With the National Assembly having passed the Anti-Terrorism Act on March 3, Korean Internet firms are increasingly worried about a possible reverse discrimination against themselves attributable to potential cyber monitoring by intelligence and investigative agencies. They are concerned over the possibility of Korean Internet and mobile users opting for foreign services one after another instead of themselves. Then, anti-terrorism investigations are likely to be increasingly hindered by the shortage of available data and information and the domestic Internet industry itself cannot but shrink.
According to the act, the National Intelligence Service (NIS) can collect arrival and departure records, financial transaction data, call records and the like with regard to potential terrorists. In addition, the NIS can tell business to hand over location information and both sensitive and non-sensitive personal information on such persons.
This means the NIS is allowed to monitor the Web. “Although Naver and Kakao are trying to win the trust of users by releasing transparency reports and opening to the public which information and data they provided for the investigating authorities, such efforts can trigger a conflict after the passage of the Anti-Terrorism Act,” said an industry insider, continuing, “Then, a massive cyber asylum will ensue with the Anti-Terrorism Act applied only to Korean companies.”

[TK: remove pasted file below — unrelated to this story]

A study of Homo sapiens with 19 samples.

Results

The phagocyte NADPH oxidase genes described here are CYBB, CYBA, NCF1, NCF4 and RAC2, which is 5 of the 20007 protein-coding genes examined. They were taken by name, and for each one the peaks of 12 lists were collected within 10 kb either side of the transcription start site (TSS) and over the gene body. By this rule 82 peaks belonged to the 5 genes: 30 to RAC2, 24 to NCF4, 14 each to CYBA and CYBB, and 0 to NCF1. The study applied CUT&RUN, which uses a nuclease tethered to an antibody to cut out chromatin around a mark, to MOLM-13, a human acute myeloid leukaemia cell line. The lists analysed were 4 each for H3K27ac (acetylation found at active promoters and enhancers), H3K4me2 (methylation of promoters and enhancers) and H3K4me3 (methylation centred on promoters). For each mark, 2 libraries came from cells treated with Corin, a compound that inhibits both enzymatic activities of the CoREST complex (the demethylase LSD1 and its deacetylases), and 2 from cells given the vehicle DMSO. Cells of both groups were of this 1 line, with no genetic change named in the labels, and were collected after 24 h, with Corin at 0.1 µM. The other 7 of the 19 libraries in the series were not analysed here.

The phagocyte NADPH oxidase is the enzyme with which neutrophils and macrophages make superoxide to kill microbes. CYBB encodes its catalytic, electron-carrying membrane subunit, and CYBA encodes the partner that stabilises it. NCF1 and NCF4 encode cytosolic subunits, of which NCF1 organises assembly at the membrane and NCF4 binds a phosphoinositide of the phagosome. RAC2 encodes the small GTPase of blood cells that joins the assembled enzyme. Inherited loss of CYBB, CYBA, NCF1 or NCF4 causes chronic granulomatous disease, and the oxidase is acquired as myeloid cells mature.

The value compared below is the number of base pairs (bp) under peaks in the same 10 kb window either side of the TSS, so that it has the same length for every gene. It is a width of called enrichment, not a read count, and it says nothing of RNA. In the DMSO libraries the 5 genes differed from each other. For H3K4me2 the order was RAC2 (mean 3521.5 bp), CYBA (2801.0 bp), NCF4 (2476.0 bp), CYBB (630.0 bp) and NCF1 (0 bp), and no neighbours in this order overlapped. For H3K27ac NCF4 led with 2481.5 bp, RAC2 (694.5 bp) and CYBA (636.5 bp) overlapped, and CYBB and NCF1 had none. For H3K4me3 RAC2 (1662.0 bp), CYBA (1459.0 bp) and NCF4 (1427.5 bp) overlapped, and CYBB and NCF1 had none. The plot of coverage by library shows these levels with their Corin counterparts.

In the meantime, the Telegram messenger is emerging as a popular cyber asylum again after the passage of the bill. A similar phenomenon occurred two years ago amid the rumors that the prosecution was censoring the Kakao Talk messenger in real time. At that time, many asylum seekers returned to the Kakao Talk messenger in the end due to their unfamiliarity with the interface of Telegram and so on. Immediately before the passage of the bill, opposition lawmaker Shin Kyung-min said that he uses Telegram when exchanging information and data with assistants although he uses Kakao Talk for personal chatting.